SALT LAKE COUNTY – Some Democratic candidates say mail-in ballots issued in Utah are confusing, and they worry thousands of votes will get tossed out as a result.
This week, state election leaders began mailing out ballots to 21 of Utah’s 29 counties.
The Lieutenant Governor’s Office mailed out pamphlets with instructions stating that voters must fill out the ballot, put it in an envelope, seal it, sign it and mail it.
But Kim Bowman, a Democratic candidate for Lieutenant Governor, says the instructions on the actual ballots vary by county and in some cases don't align with the directions printed in the information pamphlets.
“The problem is, here in Salt Lake County for example or in Davis County, you actually have to sign before you seal the envelope. Doing it improperly would invalidate the ballot,” Bowman said.
Bowman said election clerks brought up the concerns to him. With thousands of people voting by mail this election cycle, they can’t afford to make any mistakes.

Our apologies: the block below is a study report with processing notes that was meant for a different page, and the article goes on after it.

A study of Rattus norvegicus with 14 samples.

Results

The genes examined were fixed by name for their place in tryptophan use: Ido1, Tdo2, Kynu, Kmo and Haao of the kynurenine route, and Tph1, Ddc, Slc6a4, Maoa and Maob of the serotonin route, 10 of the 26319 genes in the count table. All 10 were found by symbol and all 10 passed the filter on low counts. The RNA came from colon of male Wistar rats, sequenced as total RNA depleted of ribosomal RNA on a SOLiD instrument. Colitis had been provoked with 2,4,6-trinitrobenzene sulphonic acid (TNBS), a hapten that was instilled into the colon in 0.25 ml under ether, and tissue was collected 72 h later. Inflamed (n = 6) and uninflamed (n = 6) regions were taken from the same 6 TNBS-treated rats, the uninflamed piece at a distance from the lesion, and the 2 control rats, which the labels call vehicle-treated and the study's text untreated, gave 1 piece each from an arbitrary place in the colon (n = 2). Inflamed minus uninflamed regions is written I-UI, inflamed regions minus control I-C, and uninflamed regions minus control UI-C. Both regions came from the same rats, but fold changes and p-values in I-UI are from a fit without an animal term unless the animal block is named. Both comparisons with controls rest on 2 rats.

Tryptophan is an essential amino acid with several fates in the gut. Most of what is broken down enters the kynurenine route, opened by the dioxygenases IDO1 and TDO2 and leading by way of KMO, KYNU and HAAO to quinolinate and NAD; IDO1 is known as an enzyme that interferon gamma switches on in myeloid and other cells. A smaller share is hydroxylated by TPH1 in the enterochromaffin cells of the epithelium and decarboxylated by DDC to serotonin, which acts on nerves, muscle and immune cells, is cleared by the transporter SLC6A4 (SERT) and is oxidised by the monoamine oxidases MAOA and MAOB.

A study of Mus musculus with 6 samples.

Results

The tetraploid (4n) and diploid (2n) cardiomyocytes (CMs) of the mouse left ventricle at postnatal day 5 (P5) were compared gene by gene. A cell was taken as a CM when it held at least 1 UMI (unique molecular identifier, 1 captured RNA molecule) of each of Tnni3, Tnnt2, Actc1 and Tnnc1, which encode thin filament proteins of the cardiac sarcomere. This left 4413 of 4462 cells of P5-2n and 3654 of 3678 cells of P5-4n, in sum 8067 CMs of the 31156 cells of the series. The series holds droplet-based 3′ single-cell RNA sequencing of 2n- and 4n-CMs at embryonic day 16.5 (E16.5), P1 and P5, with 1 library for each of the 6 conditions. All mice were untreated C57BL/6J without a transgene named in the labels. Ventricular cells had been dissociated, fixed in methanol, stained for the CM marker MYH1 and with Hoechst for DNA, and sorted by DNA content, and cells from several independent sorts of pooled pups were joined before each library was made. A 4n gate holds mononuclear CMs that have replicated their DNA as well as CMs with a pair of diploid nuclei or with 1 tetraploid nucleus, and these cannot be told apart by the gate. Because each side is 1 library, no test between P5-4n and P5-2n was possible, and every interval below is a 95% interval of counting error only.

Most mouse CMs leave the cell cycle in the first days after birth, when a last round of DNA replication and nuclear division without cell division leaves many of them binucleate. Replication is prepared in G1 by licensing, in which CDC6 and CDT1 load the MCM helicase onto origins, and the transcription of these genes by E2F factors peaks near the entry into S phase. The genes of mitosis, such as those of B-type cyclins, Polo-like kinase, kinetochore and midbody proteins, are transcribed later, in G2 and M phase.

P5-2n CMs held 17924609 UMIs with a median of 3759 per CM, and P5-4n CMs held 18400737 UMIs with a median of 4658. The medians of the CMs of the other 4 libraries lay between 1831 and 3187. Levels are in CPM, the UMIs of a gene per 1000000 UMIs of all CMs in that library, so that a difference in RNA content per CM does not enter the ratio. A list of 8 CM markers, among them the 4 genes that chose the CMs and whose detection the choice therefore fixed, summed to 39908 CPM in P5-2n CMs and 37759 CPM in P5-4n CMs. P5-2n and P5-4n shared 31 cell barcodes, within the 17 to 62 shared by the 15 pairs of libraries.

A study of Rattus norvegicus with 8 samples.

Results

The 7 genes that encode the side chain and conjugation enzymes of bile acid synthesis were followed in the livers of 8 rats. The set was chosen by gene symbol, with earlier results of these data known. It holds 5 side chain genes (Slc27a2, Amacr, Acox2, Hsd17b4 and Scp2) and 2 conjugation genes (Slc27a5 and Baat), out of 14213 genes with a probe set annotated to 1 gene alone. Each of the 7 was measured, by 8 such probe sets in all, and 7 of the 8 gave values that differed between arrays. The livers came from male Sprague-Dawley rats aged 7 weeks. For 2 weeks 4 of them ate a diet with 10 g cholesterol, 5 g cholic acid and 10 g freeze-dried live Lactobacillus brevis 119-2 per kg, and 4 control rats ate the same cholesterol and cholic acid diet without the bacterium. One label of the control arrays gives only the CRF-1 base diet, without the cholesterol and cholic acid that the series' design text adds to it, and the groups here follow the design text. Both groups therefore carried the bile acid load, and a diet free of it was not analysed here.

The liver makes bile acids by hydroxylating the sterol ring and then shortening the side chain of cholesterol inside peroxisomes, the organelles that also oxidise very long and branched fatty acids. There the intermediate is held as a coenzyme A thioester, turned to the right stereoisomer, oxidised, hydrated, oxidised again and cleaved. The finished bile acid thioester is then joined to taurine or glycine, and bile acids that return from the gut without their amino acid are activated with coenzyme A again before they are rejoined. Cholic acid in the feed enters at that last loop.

“If this affects one in ten voters, that would be either a lot of work for our clerks who work so hard already, or it really could have the potential to cause major problems with a lot of elections," Bowman said.
The Lieutenant Governor’s Office says each county has produced slightly different ballots, but as long as you follow the instructions on your ballot, you should be fine.
“You need to fill out the ballot, sign it in some cases and then seal it. In other cases you’ll be sealing it and then signing it,” said Mark Thomas with the Utah Lt. Governor’s Office.
Thomas says they have protocols in place if an unsigned ballot is turned in.
“If a clerk gets a ballot where there’s not a signature, they’re required by statute to notify them to let them know," Thomas said.
Make sure your ballot is turned in and postmarked by November 7th, the day before the election.
If you’re worried about the status of your ballot, you can track it and verify it was received and counted online. Visit Vote.Utah.Gov for more information.